Leavenworth city commissioners have reached a consensus to begin the process of repealing two ordinances they feel are no longer needed.

Leavenworth city commissioners have reached a consensus to begin the process of repealing two ordinances they feel are no longer needed.

Commissioners took no formal action during Tuesday's study session. But they reached a consensus to start the process of repealing a charter ordinance that places a restriction on former commissioners serving in other government offices.

The three commissioners who attended Tuesday's meeting also agreed that an ordinance concerning the licensing of professional wrestling matches should be repealed.

City Manager Paul Kramer said a charter ordinance concerning commissioners holding other government offices dates back to 1969.

He said the City Commission at the time chartered out of a state law that prohibited commissioners from holding other government offices for a period of two years after leaving the commission.

Kramer said commissioners at the time passed their own charter ordinance limiting the prohibition against holding other offices to only a one-year period.

Kramer said the state law eventually was repealed, but the city's charter ordinance remains in place.

“We would just like to follow the state's lead,” he said.

Kramer said there have been past cases of sitting city commissioners running for other political offices. Had the commissioners been elected to the other offices, they would have been in violation of the city's charter ordinance.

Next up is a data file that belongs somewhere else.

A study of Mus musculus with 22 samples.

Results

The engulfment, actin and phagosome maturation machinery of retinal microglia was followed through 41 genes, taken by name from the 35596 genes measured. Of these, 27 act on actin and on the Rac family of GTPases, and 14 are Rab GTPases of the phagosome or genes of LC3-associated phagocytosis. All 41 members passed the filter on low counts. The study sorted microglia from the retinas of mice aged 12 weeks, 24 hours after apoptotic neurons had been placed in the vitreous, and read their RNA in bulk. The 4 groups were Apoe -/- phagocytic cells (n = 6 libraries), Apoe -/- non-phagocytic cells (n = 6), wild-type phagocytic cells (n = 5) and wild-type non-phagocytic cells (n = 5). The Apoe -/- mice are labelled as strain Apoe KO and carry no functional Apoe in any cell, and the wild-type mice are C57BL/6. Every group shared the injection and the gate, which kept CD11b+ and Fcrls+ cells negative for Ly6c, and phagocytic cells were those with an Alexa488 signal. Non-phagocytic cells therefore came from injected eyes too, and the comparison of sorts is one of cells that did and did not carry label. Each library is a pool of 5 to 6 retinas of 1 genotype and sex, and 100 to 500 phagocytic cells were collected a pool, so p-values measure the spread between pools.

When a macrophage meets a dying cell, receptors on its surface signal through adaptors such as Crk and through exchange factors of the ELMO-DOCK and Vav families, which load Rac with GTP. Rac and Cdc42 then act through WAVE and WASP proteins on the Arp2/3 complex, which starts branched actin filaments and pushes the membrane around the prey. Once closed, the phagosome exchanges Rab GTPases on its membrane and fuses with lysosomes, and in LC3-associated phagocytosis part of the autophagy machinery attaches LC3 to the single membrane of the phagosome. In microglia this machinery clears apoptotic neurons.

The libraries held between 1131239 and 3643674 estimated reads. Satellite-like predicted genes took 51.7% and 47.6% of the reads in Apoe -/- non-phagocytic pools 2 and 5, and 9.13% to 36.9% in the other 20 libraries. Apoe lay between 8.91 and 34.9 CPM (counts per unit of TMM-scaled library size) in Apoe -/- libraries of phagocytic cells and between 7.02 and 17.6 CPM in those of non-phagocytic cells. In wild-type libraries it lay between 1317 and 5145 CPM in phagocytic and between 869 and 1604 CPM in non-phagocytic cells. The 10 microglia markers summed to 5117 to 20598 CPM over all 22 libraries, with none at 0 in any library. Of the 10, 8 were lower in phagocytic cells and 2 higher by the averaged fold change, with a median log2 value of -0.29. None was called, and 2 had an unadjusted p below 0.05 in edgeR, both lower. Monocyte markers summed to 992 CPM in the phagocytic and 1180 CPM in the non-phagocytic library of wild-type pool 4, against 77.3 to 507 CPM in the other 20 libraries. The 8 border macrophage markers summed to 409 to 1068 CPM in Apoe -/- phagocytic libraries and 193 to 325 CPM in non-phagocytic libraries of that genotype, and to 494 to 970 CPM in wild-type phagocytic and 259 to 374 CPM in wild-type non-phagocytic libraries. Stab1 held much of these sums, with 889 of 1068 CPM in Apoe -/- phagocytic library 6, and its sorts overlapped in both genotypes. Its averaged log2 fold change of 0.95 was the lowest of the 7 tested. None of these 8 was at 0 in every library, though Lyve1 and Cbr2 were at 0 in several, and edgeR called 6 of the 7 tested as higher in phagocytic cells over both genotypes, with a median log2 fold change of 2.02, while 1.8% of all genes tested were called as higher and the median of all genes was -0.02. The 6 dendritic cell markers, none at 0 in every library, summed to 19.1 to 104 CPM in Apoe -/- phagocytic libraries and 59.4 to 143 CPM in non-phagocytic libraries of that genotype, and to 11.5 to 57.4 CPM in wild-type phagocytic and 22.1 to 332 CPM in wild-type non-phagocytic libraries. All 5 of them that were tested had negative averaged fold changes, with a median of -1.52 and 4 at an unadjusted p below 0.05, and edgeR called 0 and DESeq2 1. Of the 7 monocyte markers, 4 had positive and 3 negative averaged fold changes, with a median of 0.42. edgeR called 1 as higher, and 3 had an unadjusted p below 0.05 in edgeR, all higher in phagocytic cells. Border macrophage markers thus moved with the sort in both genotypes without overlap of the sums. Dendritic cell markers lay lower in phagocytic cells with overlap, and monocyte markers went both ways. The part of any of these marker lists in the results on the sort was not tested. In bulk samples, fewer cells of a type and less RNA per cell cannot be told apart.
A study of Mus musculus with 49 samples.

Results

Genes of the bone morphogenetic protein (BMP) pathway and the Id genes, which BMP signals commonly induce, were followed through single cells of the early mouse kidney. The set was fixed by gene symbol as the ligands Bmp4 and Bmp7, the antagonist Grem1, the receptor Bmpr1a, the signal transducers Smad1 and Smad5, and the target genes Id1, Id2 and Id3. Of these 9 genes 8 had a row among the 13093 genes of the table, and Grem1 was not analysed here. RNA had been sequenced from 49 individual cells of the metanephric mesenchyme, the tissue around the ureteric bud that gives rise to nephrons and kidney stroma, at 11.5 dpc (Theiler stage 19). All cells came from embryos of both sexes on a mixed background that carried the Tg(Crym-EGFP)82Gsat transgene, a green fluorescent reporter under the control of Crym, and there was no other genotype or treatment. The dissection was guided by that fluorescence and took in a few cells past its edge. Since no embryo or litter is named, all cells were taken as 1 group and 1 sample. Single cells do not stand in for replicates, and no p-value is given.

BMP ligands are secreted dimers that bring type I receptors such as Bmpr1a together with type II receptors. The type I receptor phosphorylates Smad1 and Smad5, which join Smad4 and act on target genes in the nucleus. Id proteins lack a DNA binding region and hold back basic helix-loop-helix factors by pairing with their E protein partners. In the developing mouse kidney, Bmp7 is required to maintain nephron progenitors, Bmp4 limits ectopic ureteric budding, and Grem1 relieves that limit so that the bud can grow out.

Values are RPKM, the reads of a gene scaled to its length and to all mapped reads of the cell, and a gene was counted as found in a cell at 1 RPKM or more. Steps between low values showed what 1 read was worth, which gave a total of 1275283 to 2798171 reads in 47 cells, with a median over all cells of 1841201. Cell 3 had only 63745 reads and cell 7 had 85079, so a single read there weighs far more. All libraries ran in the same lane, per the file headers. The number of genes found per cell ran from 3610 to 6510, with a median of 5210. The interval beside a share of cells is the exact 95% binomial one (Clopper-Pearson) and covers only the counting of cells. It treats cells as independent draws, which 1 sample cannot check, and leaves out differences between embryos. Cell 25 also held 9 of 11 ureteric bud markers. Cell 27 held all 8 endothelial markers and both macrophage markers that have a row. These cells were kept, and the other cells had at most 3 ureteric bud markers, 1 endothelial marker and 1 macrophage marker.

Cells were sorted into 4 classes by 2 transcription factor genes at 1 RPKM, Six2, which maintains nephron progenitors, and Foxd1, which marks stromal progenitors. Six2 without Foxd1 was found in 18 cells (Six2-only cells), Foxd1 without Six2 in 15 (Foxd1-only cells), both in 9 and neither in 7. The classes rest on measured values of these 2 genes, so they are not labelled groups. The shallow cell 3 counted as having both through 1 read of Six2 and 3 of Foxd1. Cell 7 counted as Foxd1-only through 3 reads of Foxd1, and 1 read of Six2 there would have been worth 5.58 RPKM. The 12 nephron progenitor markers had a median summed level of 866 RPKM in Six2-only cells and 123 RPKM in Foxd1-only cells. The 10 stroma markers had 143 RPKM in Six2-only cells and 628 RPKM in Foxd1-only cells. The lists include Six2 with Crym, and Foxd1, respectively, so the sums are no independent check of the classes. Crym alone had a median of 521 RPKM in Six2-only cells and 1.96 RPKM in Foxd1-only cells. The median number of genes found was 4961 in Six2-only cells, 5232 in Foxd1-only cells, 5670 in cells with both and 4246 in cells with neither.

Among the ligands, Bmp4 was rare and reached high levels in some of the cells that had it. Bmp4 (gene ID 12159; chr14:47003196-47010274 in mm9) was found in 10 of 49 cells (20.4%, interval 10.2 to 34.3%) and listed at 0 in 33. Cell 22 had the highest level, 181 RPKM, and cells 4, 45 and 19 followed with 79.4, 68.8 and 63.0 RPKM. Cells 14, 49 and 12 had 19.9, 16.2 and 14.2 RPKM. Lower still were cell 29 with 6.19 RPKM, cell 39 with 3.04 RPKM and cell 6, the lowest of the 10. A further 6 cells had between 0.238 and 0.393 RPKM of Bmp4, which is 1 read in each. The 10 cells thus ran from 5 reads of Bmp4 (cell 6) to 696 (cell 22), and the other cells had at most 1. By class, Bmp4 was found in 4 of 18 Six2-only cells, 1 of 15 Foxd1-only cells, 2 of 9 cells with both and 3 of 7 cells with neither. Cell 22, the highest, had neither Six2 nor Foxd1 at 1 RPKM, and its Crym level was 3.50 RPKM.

But Kramer said the charter ordinance is unenforceable. He said the City Commission cannot prevent another elected body from allowing a former commissioner to take office.

Kramer said city officials reviewed the ordinance concerning professional wrestling matches after they recently were approached by a promoter wanting to schedule a mixed martial arts event in Leavenworth.

The city does not have an ordinance that specifically addresses mixed martial arts, so the event fell under a 1983 ordinance concerning licensing for professional wrestling matches.

Kramer said the ordinance no longer seems timely. He said the Kansas Department of Commerce's Athletic Commission oversees boxing, kickboxing, mixed martial arts and wrestling events in Kansas.

Kramer said the state's boxing commissioner is unaware of any other city in Kansas that regulates these events.

If the ordinance is repealed, the state would still govern such events in Leavenworth. Kramer said city staff would become involved if a request is made to rent a city facility, such as the Riverfront Community Center, for such an event.

Commissioner Nancy Bauder said repealing the ordinance made sense.

“I think that's the best way to go,” Commissioner Mike Griswold said.

Mayor Pro-Tem Jermaine Wilson said he agreed with the option of repealing the ordinance.

Kramer said the issue will come back to commissioners for formal action.